The specter of the feared Middle Eastern group, the so-called Islamic State (IS), is now stalking the North Caucasus.

The organization claimed responsibility for a terrorist attack on the night of December 29 inside the fortress that towers over the ancient city of Derbent in southern Dagestan. Assailants killed a Russian border guard officer and wounded eleven other people.

The authorities were quick to deny the involvement of IS, with the leader of Dagestan, Ramazan Abdulatipov, insisting that the attack was carried out by local militants. They named 31-year-old Abutdin Khanmagomedov, who comes from Derbent, as the perpetrator.

However, Khanmagomedov and a group around him pledged allegiance to IS last year and they were behind two other recent terrorist attacks. They killed the family of a local fortuneteller and attacked a group of firefighters in the line of duty. The murder of the unfortunate fortuneteller is in keeping with Islamic Salafis’ fight against alleged paganism.

For years, the main radical Islamist movement in the region was the homegrown Caucasus Emirate, which grew out of the more extreme elements that fought Moscow in Chechnya and Dagestan in the 1990s. But its influence has waned recently and its two most recent leaders—who both rejected IS—have been killed.

In 2014, two prominent Dagestani Caucasus Emirate commanders pledged their allegiance—remotely, via a Skype call—to the so-called Islamic State. A leading Chechen commander, Aslan Byutykayev, did the same in June 2015 on behalf of all Chechen militants. As many as five Dagestani imams swore loyalty to IS last year.

Last summer, the official spokesman for IS, Abu Mohammad Al-Adnani, announced the formation of a separate branch in the North Caucasus.

The appeal of IS lies in the fact that Islamists in the North Caucasus can say they are no longer mere regional players, but are now worldwide jihadists. They also hope for the kind of financial support from abroad that Chechen separatists received in the 1990s but, given the current financial troubles of IS, that is unlikely to materialize.

The Caucasus Emirate has lost prestige and is in crisis. But it is unlikely that the so-called Islamic State will ever fully supplant it, as many local warriors do not want to submit to foreign leadership. There were many tensions in the ranks of the Chechen rebels, with local Chechens disliking incoming Arabs, whom they considered to be “bad Muslims.”

The Kremlin has good reason not to want to call the attack on tourists in Derbent the work of IS. Along with the explosion that brought down the Russian plane over Sinai in October, killing 224 people, that would suggest the authorities are failing to protect their citizens.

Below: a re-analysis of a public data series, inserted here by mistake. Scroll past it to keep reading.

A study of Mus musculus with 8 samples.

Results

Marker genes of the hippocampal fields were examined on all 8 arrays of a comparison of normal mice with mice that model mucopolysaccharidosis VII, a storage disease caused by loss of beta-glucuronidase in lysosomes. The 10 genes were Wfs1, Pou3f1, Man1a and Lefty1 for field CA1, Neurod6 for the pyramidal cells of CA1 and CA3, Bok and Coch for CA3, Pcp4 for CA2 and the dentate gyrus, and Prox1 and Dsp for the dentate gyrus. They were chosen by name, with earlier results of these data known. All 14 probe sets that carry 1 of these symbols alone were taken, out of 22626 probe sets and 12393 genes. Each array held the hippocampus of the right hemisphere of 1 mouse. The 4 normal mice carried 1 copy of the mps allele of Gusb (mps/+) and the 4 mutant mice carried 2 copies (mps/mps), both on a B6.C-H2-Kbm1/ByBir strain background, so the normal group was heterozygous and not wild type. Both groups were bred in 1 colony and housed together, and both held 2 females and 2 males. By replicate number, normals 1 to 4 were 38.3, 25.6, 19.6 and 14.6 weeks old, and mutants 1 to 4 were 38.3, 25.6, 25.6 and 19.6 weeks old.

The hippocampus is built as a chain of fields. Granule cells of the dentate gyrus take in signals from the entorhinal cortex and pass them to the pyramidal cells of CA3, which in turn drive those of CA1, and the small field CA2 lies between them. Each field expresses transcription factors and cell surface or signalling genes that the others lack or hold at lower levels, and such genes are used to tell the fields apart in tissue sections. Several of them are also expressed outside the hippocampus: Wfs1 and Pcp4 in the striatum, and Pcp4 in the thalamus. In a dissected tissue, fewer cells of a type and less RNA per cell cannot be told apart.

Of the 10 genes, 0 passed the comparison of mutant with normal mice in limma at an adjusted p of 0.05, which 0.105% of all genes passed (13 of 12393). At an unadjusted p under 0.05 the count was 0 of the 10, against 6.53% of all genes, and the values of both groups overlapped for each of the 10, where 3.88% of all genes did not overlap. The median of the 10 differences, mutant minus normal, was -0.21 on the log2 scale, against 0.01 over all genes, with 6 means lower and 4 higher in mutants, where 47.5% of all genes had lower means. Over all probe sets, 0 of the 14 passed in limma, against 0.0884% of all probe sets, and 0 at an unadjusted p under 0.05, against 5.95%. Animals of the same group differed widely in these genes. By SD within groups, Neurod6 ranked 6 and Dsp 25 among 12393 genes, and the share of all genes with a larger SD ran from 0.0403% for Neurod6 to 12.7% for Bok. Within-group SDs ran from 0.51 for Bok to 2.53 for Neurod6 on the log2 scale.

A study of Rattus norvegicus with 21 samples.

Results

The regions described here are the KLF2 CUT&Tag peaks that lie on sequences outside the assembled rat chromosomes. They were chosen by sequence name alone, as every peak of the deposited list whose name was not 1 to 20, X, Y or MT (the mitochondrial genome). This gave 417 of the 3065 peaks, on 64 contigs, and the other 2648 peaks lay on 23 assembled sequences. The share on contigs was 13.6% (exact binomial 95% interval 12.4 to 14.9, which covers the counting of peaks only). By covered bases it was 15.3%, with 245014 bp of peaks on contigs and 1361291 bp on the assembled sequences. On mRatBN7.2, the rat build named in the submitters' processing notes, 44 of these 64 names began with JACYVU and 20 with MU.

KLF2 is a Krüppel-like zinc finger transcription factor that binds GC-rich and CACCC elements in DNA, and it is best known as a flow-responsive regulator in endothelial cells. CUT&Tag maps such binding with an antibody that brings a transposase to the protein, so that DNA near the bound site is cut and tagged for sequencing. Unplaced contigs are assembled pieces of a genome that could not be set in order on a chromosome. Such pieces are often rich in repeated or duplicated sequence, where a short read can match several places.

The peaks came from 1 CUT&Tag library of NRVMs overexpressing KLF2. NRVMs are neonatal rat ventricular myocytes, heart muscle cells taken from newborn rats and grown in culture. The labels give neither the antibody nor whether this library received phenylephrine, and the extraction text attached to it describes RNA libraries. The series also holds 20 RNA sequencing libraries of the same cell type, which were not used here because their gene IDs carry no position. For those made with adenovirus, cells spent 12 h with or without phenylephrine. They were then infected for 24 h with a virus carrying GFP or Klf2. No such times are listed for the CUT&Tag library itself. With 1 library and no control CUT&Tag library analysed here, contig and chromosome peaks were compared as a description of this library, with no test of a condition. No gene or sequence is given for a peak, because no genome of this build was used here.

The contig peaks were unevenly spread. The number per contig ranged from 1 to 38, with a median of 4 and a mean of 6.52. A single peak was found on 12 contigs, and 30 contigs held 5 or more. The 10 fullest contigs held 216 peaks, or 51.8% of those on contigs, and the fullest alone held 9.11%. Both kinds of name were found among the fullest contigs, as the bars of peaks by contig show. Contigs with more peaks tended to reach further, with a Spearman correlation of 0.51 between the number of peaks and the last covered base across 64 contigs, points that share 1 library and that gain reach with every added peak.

In December 2015, IS posted on its websites a video showing cultural landmarks in Moscow and Kazan, as if to demonstrate potential targets. The Karyn-Kala fortress in Derbent, a well-known tourist attraction, falls into the same category. By attacking tourists there, Khanmagomedov’s group mimicked militants in the Middle East who have targeted tourists in museums and hotels in Egypt and Tunisia.

The apparent intervention of IS into the North Caucasus is just one more episode in its turbulent history.

It is a fertile ground for recruitment, and locals may join its ranks for many reasons. For instance, there are 17,000 Dagestani truck drivers, many of whom are suffering because of the new government-imposed road taxes. The perception that they are the victims of injustice could lead some of them to turn to religion. The spread of radical Islam in the North Caucasus is primarily a reaction to various unresolved socioeconomic problems, corruption, and the brutal measures the authorities have taken to suppress any kind of Islamic dissent.

The next question is whether those militants who left the region to fight in Iraq and Syria will return, and what will happen if they do.

According to Abdulatipov, there are 643 Dagestani jihadists fighting in the Middle East among several thousand Russian-born fighters. (Some officials in Dagestan’s Interior Ministry put the figure closer to 900, and others still say it’s nearer to 2,000.)

According to the police, more than 900 jihadists have come back to the region. In reality, the number is far greater. So far, these individuals haven’t been particularly active, but their combat experience in Iraq and Syria may count for something in the future.

If these men take up the fight, the question of whether it is locals or Islamic State who is responsible for acts of terrorism will be a merely academic one.